ISIS in Full Control of Syria’s Palmyra. I read the BBC headline and took a deep breath. I have been to the site of ancient Palmyra. I have walked its colonnaded streets under towering pillars. Now, as the war in Syria enters its fifth year, the renegade Islamic State of ISIS is in control of the site. The world holds its breath waiting to see whether or not they will destroy it, as they have done elsewhere.
Dexter Filkins, in a recent piece the New Yorker (Isis in Palmyra, May 21, 2015) wrote “as awful as Assad’s dictatorship was… at least it left places like Palmyra alone.”I couldn’t disagree more. I think Filkins has missed the point and become an apologist for the butcher Assad, who in 2013 released chemical weapons on his own people. Don’t get me wrong, I too fear for Palmyra under ISIS. But as a city of the classical world, it has seen plenty of war and destruction—the Mongols, for example, leveled it in the 13th Century. What I fear more is the fate of ordinary Syrians.
I went to Syria in April of 2011, with my father and a group of friends, to visit ancient sites—Palmyra being one of them. It was a strange time to be in Syria—we were some of the last Western tourists to travel freely in the country. The so-called Arab Spring was new and hopeful. Mubarak had just fallen in Egypt and the revolution there showed promise. We all hoped that Assad would be next and that Syria would be on its way to a multi-party democracy in no time. The unrest then was mostly in Homs and Daraa. Our visits to Aleppo, Damascus, and the ancient sites felt safe enough. But that was the very beginning. Today hundreds of thousands are dead, millions displaced, and the endless war rages on. It has become the new Lebanon.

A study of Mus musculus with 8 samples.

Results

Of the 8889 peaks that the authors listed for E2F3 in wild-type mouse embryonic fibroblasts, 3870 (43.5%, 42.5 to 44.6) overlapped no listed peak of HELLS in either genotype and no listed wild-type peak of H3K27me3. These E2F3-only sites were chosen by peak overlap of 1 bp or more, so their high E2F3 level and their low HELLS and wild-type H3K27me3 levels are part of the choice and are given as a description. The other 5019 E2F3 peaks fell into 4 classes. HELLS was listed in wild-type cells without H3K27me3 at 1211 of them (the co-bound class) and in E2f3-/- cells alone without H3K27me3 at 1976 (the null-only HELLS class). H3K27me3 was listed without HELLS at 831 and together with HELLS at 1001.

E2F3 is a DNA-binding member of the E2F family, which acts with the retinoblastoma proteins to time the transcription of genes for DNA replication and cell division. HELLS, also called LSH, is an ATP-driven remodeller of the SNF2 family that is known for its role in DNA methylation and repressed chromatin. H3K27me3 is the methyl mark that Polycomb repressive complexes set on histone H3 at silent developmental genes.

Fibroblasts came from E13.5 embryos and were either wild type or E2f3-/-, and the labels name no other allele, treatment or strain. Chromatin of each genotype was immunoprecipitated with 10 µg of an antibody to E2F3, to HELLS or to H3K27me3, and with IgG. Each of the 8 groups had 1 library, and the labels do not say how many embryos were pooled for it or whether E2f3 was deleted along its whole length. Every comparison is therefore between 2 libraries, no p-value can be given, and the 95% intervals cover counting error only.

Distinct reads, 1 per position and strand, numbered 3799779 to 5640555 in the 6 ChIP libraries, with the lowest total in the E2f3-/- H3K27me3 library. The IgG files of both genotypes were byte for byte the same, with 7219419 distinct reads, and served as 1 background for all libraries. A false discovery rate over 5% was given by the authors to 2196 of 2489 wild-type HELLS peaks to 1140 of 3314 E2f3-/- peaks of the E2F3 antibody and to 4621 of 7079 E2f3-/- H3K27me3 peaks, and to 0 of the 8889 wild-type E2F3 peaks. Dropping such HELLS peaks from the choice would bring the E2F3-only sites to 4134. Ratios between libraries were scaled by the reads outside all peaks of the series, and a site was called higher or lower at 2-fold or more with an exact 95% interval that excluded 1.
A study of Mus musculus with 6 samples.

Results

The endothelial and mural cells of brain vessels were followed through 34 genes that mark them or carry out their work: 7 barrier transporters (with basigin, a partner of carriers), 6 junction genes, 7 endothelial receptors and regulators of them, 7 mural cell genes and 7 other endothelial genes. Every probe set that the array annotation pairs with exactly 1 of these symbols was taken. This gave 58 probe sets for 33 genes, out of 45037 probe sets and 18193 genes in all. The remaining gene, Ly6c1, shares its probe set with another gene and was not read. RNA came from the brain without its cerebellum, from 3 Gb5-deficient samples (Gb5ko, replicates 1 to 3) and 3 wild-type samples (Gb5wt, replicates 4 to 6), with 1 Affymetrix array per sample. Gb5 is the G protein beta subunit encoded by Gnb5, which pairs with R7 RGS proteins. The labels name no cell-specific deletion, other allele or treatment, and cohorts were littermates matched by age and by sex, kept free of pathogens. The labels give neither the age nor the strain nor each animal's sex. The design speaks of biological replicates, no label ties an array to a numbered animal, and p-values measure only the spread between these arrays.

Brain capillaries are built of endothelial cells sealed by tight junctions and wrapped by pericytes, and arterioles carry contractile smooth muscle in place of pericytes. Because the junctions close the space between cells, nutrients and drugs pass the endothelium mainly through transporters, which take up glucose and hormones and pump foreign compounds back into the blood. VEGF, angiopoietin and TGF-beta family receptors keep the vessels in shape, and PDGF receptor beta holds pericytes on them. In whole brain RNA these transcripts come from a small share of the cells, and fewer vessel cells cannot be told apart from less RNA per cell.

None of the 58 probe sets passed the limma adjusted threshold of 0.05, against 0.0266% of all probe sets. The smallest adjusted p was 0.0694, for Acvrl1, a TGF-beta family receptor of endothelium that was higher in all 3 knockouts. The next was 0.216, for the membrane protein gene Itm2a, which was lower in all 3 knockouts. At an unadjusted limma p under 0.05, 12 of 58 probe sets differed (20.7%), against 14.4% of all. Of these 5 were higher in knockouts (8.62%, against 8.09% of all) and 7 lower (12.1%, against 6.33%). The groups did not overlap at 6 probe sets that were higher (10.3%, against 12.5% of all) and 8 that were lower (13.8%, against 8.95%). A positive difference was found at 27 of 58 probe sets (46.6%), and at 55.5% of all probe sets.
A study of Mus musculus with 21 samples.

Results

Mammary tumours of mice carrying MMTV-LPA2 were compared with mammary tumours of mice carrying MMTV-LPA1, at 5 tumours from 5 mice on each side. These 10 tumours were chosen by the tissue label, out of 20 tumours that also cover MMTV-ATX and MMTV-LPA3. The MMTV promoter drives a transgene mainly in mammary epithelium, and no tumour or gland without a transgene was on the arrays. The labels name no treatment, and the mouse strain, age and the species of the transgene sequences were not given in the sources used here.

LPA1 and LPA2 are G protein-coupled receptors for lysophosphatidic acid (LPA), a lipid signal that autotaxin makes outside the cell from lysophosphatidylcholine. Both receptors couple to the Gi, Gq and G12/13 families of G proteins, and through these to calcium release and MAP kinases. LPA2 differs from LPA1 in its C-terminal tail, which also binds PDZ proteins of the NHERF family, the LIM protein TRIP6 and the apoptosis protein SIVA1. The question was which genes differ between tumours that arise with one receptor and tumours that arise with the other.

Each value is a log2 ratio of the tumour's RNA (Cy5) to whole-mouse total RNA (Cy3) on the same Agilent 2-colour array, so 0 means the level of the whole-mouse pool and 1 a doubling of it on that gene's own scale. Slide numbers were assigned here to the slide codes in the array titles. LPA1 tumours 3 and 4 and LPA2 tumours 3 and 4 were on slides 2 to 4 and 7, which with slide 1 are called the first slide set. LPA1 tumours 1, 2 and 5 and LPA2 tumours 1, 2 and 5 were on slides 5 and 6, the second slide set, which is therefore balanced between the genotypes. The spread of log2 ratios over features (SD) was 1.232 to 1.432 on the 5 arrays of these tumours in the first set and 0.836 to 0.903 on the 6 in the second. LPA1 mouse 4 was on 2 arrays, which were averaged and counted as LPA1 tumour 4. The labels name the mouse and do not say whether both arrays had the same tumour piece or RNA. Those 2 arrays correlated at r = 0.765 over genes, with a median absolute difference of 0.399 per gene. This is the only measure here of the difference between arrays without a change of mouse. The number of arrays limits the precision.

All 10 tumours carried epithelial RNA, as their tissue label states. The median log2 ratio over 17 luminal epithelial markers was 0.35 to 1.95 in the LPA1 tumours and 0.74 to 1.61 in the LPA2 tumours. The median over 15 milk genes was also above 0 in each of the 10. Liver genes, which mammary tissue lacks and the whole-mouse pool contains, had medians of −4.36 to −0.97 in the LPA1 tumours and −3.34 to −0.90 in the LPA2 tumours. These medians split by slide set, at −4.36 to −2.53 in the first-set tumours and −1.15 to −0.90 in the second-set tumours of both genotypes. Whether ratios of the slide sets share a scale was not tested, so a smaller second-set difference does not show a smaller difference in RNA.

The day we saw Palmyra we had driven for hours through vast nothingness. The Mediterranean landscape of the Orontes Valley changed quickly to a sandy desert. At one point we saw a road sign for Iraq and jumped out of the bus to have our picture taken by it, laughing at ourselves and our audacity. When arrived at Palmyra it was late afternoon. The sun was low in the sky, filtered through a desert haze. The sand-colored pillars towered twenty feet above us.
Unesco called Palmyra “one of the most important cultural centres of the ancient world.” It lay halfway between Roman Antioch, in modern Turkey, and the Euphrates River, in modern Iraq. It was primarily a trading city, a crossroads between the East and West. As I walked the main street, built in the 2nd Century, it wasn’t difficult to imagine being here almost two millennia ago. Only now, instead of traders selling spices and gold along this street, vendors screeched around us on motorcycles trying to sell us rugs and beads. They were the new kids on the block.
After learning of the ISIS takeover I posted some pictures of our trip to Palmyra on Facebook. Immediately our Syrian guide Aiman, who has since escaped with his family to Turkey (they lived in Aleppo, which has been all but destroyed by Assad’s forces) commented—“What happened to my country left a deep wound in my heart… I remembered those lovely moments with tears.” I wondered if one of the reasons Americans are so disinterested in the Syrian Crisis is that it has lost a personal face. Regardless of the saber-rattling going on in Washington, or the fear for antiquities in Palmyra, we should never forget that it’s people like Aiman who are the real victims of this endless war.